Released along with the Android 12 beta
XDA Developers reports that Google is working on a new Android accessibility feature. This allows you to control your phone with facial expressions such as a smile, raised eyebrows, or a raised eyebrow. The “Camera Switch” feature has arrived with version 12 of Android’s Accessibility Suite app, released alongside Android 12‘s fourth beta. The app’s new version isn’t yet available on Google Play, XDA reports. However, you can sideload an APK to give it a go.
XDA developers state that facial expressions, which include looking left, right or up, can be used to access various controls. These control options include scrolling, going home and quick settings. Screenshots demonstrate that you can change the software’s sensitivities when recognizing expressions. This should limit accidental activations. The feature is power-intensive, and phones should be plugged in when it’s not in use.
It is easy to see why this feature could be helpful for those who have difficulty using touch controls. Facial expressions can be used in silence, making them more accessible in public and quieter settings than voice commands.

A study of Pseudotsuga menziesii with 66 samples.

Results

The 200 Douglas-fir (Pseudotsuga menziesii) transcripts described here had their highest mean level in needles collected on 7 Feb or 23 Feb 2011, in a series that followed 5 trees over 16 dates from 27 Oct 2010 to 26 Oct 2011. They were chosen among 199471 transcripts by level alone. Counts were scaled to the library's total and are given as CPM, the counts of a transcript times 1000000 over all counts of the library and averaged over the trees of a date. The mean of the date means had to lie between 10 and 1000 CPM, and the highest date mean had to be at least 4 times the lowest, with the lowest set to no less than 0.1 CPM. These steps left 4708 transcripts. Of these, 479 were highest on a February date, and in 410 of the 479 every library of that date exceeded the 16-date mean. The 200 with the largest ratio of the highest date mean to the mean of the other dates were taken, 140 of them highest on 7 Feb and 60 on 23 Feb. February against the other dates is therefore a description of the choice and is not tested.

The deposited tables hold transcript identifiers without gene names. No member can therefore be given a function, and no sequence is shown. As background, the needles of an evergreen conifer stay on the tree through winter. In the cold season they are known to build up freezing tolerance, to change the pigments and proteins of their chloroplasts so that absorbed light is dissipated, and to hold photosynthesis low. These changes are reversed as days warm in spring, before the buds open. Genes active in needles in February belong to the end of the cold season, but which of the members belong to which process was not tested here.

Recent Android releases have included a variety of accessibility features, such as facial expression controls. These controls aim to make the phone easier for people with disabilities. Last year’s Android 11, for example, delivered improvements to the operating system’s voice control feature. Earlier in the year, Google released a collection of other accessibility updates, including customizable “Action Blocks,” which let users assign custom actions to large on-screen buttons.
The new feature may be included in an operating system update later this year, as it was announced alongside the Android 12 beta. XDA Developers points out that the Accessibility Suite app version 1.0 appears to be compatible with Android 11. This suggests it may not be exclusive for Android 12.